What do you teach at Ca’ Foscari? What are your main research interests?
My name is Marta Strani, I am a mathematician and I arrived at the Department of Molecular Sciences and Nanosystems at Ca' Foscari University in 2018 as a fixed-term researcher. Here I teach courses in Analysis (1-2) and Linear Algebra for the programmes in Sustainable Chemistry and Technologies, Science and Technology for Cultural Heritage and Engineering Physics. My field of research is Mathematical Analysis, and my research focuses mainly on the study of partial differential equations, used to translate physical phenomena into mathematical terms: think of the wave equation, the heat equation or the Navier-Stokes equation, used in fluid dynamics. Specifically, I study the asymptotic behaviour of parabolic and hyperbolic PDEs, i.e. the behaviour of the solutions of these equations over long periods of time.
Tell us about your academic path.
I graduated in Mathematics at La Sapienza University of Rome in 2009, and I earned my PhD in Mathematics there in 2012. Since then I started moving around Italy and Europe thanks to several scholarships and research grants: I have been in Paris (first at the École Normale Supérieure and later at the Université Paris-Diderot), in Germany (University of Wurzburg) and in Milan (University of Milan Bicocca). In 2017, I started working as a fixed-term type a) Researcher at La Sapienza University, and finally in 2018 as a fixed-term type b) Researcher at Ca' Foscari University. Today I am Associate Professor in the Department of Molecular Sciences and Nanosystems at Ca' Foscari University.
Have you always known that this was going to be your path?
Yes, I have loved Maths since middle school, and in high school I started to get interested in teaching and to think that it was what I wanted to do in life. At first, I was more oriented towards teaching in high school: I liked the relationship that developed between a teacher and their students, getting to know each other, and thinking that, as a teacher, you were helping and following them as they grew through one of the most significant periods of their lives, adolescence, until they left as young adults. When I arrived at university, however, I realised that, especially in a programme such as Mathematics, where there is not (or at least there was not) an overwhelming number of students, this close relationship between professor and students was still possible. If you add the intellectual drive, which is certainly greater when you teach university-level courses, and the chance to do research, at that moment I realised that what I wanted to do in life was work in the university.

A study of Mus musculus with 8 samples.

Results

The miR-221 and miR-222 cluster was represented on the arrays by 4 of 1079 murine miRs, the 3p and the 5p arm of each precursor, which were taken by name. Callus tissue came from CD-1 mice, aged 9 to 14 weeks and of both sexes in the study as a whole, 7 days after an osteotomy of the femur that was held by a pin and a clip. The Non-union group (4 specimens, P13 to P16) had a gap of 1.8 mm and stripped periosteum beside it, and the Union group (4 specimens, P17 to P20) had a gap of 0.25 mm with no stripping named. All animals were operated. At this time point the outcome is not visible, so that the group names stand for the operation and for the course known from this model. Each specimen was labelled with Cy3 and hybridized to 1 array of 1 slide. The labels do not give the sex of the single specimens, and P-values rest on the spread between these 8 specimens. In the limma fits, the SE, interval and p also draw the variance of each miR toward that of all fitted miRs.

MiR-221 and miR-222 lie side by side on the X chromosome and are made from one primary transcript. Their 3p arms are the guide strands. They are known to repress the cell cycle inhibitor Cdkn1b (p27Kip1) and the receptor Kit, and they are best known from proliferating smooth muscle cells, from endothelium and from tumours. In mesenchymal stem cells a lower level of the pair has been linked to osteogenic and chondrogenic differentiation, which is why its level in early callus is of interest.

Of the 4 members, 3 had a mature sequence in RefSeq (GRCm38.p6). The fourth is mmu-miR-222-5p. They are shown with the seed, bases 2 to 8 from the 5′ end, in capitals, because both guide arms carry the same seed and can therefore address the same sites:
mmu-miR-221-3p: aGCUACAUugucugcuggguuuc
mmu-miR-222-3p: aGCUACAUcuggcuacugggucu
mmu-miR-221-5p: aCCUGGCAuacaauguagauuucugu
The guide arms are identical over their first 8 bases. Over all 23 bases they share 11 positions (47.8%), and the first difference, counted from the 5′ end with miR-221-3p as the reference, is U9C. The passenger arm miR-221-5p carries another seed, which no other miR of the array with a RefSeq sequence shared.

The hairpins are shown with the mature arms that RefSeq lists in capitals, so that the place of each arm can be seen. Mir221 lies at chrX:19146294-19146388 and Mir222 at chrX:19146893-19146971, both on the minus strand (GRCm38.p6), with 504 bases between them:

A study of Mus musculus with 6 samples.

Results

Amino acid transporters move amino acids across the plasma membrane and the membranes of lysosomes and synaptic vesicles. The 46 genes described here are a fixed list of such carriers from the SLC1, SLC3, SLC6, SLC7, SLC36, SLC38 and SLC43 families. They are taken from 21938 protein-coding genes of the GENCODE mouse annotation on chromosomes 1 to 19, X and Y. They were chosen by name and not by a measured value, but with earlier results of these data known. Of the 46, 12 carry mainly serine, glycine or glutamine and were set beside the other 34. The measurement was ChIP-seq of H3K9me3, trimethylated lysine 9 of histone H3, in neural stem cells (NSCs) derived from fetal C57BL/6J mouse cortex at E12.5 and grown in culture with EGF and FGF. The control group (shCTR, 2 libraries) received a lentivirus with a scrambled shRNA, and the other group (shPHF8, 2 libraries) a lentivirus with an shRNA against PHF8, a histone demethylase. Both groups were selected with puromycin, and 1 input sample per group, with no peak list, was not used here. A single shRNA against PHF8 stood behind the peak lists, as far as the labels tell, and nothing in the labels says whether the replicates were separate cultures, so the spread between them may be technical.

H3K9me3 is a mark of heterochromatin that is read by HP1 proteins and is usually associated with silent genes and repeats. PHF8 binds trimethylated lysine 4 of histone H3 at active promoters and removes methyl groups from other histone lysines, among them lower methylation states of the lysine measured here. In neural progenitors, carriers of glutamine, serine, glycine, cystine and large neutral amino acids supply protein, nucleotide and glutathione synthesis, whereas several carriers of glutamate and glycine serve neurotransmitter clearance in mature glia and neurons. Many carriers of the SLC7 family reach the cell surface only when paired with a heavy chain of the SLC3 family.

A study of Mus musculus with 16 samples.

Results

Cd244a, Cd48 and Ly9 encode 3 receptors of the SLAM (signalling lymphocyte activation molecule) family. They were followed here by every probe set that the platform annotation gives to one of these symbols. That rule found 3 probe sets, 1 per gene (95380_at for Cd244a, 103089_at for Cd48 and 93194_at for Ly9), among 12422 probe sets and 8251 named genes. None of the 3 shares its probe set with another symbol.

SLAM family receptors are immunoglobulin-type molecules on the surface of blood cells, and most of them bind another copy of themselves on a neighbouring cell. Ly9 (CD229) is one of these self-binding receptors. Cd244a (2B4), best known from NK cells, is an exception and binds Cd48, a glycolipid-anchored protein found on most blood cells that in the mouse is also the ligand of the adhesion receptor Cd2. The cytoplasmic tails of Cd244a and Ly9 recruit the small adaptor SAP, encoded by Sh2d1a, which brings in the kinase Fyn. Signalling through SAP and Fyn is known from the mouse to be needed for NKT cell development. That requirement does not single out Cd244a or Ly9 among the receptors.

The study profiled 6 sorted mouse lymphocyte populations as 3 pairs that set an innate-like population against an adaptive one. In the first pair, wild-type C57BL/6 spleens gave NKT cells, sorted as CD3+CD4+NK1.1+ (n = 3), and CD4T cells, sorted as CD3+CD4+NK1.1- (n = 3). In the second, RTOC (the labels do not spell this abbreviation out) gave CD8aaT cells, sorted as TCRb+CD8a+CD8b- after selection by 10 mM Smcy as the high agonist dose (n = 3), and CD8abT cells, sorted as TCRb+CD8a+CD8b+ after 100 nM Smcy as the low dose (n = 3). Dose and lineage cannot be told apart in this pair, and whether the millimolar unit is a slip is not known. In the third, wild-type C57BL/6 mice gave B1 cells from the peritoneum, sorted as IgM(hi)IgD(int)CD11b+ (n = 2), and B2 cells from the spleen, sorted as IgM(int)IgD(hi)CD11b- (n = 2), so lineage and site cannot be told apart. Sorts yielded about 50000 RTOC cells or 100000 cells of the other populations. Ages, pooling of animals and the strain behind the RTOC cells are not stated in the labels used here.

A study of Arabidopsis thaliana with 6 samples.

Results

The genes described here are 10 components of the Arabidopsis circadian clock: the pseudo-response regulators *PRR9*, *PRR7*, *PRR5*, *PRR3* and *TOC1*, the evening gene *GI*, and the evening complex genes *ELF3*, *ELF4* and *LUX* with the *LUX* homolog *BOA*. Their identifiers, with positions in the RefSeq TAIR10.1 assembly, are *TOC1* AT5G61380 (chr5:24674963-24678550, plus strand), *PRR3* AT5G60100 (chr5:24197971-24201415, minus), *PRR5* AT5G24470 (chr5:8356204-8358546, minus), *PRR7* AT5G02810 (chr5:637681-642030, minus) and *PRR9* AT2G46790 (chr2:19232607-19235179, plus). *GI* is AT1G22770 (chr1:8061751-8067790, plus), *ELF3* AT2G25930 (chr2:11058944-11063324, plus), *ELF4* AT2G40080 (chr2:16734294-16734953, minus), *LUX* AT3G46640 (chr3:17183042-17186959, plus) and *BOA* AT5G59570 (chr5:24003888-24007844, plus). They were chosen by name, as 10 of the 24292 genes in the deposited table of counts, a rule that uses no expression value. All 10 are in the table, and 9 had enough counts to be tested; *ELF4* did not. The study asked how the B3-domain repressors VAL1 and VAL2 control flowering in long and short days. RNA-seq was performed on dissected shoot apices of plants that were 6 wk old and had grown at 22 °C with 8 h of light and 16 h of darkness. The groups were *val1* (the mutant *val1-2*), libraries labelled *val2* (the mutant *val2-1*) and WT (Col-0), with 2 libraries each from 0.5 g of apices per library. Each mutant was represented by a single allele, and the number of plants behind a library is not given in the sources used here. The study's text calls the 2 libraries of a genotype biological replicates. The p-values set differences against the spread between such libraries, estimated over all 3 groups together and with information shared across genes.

Can you offer any advice to researchers in the early stages of their career?
The research career today, especially in Italy, is not easy: you need to have passion and be motivated right from the first years of university, because there is a lot of competition. You have to be willing, if you want to have a competitive education, to travel, and to learn to call home maybe even 5 different cities in 5 years. This can be frightening at first, but in an experience of this kind you also meet a lot of young people who are following the same route, and the benefit, not only scientific, but also in terms of personal growth that you get after reaching the goals you had set yourself is enormous. And getting to know new places and people who are different from our 'comfort zone' opens your mind and creates a network of social relationships that will stay with you for the rest of your life.
The issue of gender inequality in STEM disciplines in Italy is still very topical. What would you tell girls who want to approach these disciplines?
Thankfully, during my career, I have never felt discriminated against as a woman. It is true, however, that the subject is still sadly topical, and that at times, especially in older generations, attitudes of mistrust towards women, particularly towards their scientific abilities, are 'perceived'. As a result, unfortunately, most girls who approach scientific subjects do not pursue a university career or, more generally, a research career. I would like to tell girls approaching these subjects to hold their heads high and to prove their worth by their actions, which are much more important than words. And not to be afraid, if they are passionate about it, to try to embark on a career that is still considered (unfortunately) purely male.